Hyperreal archviz strives to recreate the real-life experience of architecture, but it should also emphasize the distinction between the image and the physical space. The colors, mood, and atmosphere should be lifelike and artificial at the same time. This way the viewer does not get fooled into thinking that the building in real life will look and feel exactly the same as the rendering. Hyperreality does not replace reality, and the visualization avoids becoming a simulacrum.
The image vs. reality principle of hyperreal visualization parallels the approach toward architectural monuments restoration from the “International Charter For The Conservation And Restoration Of Monuments And Sites” (“The Venice Charter”). The 1964 Charter has been the UNESCO-approved set of monument conservation and restoration guidelines until its upgrade in the 2010s.
Article 9 of the Charter demands contemporary additions to the architectural monuments to be easily distinguishable from the authentic parts. The restoration “must stop at the point where conjecture begins, and in this case, moreover, any extra work which is indispensable must be distinct from the architectural composition and must bear a contemporary stamp”.
Article 12 clarifies that this distinction between the old and the contemporary is necessary so as not to mislead people into thinking the whole monument is original: “Replacements of missing parts… must be distinguishable from the original so that restoration does not falsify the artistic or historic evidence”.
Illustration: The Saint Francis Convent Church by David Closes in Santpedor, Spain, 2012. Recent additions are easy to distinguish from the authentic parts. Photo by Jordi Surroca.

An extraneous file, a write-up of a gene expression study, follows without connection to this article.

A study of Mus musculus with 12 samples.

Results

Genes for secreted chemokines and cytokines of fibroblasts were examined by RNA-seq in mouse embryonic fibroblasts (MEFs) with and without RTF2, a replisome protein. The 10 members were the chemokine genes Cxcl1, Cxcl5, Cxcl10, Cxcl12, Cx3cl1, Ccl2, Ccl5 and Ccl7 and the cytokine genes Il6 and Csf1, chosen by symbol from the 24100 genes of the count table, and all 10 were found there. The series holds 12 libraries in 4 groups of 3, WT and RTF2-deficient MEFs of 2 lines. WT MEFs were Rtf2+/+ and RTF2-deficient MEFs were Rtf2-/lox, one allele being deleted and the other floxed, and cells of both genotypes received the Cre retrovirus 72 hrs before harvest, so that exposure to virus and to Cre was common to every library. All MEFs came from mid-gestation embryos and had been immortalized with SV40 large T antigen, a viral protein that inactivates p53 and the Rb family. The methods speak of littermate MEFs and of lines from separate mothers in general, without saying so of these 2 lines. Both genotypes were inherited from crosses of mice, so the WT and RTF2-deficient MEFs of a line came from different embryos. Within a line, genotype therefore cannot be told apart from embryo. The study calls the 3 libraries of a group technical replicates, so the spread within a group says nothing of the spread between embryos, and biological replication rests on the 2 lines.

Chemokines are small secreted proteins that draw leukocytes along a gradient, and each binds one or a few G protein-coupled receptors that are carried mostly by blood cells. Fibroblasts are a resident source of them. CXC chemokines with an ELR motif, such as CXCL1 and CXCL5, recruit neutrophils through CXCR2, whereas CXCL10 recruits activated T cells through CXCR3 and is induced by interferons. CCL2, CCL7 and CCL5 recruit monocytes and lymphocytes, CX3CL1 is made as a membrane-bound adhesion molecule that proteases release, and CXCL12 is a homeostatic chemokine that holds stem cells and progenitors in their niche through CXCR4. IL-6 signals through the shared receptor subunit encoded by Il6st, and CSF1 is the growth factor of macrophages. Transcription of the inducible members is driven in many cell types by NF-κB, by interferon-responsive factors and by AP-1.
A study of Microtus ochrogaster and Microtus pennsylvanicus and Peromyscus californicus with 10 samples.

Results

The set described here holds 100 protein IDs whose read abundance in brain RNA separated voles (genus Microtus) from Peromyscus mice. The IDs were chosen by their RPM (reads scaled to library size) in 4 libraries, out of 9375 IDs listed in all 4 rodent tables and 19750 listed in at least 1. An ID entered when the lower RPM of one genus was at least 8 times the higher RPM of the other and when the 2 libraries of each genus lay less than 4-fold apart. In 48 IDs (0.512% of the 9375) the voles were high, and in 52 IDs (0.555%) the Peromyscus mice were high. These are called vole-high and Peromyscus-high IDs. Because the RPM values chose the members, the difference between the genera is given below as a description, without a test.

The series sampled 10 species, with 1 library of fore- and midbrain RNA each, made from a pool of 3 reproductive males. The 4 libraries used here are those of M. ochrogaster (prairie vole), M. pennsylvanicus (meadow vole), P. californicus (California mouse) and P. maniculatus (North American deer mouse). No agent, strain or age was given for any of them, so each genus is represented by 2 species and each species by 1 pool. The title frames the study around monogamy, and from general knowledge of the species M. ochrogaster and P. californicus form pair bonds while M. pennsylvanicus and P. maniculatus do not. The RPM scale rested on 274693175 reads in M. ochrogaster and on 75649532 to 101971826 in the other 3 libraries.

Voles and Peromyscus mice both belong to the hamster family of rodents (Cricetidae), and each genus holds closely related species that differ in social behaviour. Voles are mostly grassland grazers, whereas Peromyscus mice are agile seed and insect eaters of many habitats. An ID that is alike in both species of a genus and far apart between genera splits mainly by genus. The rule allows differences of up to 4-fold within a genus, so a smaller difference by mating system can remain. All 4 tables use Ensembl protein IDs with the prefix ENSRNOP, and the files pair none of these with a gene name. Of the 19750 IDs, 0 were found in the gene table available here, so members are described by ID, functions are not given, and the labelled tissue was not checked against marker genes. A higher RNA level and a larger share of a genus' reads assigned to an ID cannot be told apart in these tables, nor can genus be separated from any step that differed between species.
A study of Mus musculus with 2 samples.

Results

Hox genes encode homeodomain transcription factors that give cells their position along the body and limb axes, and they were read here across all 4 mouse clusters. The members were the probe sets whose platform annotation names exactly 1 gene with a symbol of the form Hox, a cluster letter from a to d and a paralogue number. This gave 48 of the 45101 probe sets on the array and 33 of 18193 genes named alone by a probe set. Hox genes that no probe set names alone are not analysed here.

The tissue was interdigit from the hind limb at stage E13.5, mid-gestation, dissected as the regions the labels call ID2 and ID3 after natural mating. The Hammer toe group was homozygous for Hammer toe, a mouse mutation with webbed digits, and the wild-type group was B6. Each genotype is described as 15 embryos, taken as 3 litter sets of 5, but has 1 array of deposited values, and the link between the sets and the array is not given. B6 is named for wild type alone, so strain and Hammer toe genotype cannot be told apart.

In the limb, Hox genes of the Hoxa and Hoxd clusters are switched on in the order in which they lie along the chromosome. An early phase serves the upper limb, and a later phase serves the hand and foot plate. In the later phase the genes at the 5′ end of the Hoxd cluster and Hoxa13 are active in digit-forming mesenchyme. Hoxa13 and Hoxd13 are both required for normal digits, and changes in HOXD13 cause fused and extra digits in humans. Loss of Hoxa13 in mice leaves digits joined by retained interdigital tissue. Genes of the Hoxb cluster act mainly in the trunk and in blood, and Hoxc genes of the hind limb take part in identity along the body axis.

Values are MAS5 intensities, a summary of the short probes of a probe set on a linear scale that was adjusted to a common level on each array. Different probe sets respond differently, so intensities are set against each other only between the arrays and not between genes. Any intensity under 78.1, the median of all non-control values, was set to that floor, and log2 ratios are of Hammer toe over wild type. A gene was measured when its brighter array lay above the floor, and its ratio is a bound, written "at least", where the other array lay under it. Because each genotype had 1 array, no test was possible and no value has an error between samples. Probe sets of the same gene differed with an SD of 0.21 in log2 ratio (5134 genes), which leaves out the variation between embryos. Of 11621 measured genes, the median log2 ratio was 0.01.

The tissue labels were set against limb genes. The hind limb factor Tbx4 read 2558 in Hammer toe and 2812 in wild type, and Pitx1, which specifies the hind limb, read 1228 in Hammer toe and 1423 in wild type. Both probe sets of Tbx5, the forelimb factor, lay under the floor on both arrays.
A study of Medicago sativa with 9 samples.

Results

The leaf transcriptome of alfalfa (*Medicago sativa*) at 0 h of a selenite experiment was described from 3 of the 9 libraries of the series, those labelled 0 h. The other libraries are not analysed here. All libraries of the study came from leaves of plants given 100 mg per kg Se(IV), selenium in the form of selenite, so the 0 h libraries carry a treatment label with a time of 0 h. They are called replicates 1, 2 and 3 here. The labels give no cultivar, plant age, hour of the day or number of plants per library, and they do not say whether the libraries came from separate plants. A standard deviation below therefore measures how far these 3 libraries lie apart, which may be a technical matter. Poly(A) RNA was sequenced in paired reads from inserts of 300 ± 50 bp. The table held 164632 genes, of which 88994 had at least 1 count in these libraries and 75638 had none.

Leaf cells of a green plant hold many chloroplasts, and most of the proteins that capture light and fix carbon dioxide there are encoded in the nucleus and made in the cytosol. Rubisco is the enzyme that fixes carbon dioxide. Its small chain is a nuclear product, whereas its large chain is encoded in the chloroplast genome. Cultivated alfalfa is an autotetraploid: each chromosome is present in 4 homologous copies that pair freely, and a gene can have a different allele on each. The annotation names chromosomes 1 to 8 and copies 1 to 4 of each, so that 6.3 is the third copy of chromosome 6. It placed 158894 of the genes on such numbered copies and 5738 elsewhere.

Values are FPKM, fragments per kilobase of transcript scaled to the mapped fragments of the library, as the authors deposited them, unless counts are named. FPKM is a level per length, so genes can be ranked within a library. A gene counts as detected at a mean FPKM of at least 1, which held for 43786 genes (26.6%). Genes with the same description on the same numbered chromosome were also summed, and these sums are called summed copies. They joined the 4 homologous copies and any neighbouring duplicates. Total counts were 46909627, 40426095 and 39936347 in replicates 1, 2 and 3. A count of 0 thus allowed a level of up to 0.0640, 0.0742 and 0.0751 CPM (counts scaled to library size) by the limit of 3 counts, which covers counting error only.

The Charter speaks about the falsification of the artistic and historic evidence because we only have an approximate idea of what the lost elements looked like in the past, and cannot replicate the original material and technology to their fullest. The same principle may be applied to archviz: a visualization is an approximation of what the building will look like in the future, so it must clearly state that it is a hypothesis rather than ‘false evidence’. This way visualization neither misguides the client nor devalues the future building.
In architectural heritage preservation, the new elements may easily be made visually distinguishable from the authentic. Hyperreal visualization requires a more complex and synthetic approach. To break away from pseudo reality, some hyperreal renders combine abstract and stylized elements, but more often the ‘unrealistic’ filters are applied to the whole picture. The atmosphere of such filters may recreate the feeling of noir film sets, Hugh Ferriss renderings, 1960s postcards, 17th-century Dutch landscape painting, the background of Wes Anderson movies – or any other artistic or cinematic reference that creates a slightly staged, artificial composition. Fragments of realistic renderings with different vanishing points may be seamlessly combined into one collage to create a surreal feel. Buildings and objects may look like maquettes or even toys. Tiny details like grass or tree leaves often seem impossibly precise.
Illustration: details of Amandsplein 8 visualization by Iddqd Studio. Faded color palette and frontal multilayered projection make the visualization reminiscent of the toylike 1940s - 1950s studio movie sets.
These methods create an invisible picture frame or a screen – the fourth wall that reminds us that what we observe is indeed an image separate from our reality. We experience the so-called ‘estrangement’, ‘distancing’ or ‘alienation’ effect (‘Verfremdungseffekt’ in German).
The estrangement phenomenon was described by the famous German playwright Bertolt Brecht in his essay "On Chinese Acting" (1936). Brecht stated that the play must be performed "in such a way that the audience was hindered from simply identifying itself with the characters”. Estrangement made the audience experience the play “on a conscious plane, instead of, as hitherto, in the audience's subconscious".
Hyperreal visualization works the same: paradoxically, we maintain our distance from the image even if we are fully absorbed into it. Thus, we are not enchanted by the visualization. We can concentrate on the design and detect the project flaws. We have previously argued that hyperrealism is about the hyperaware perception of space in the visualization. And yet, hyperreal archviz can induce not only hyperawareness of the depicted space but also hyperawareness of the fact that this space is not real.
Header illustration: "Gemini" by Iddqd Studio.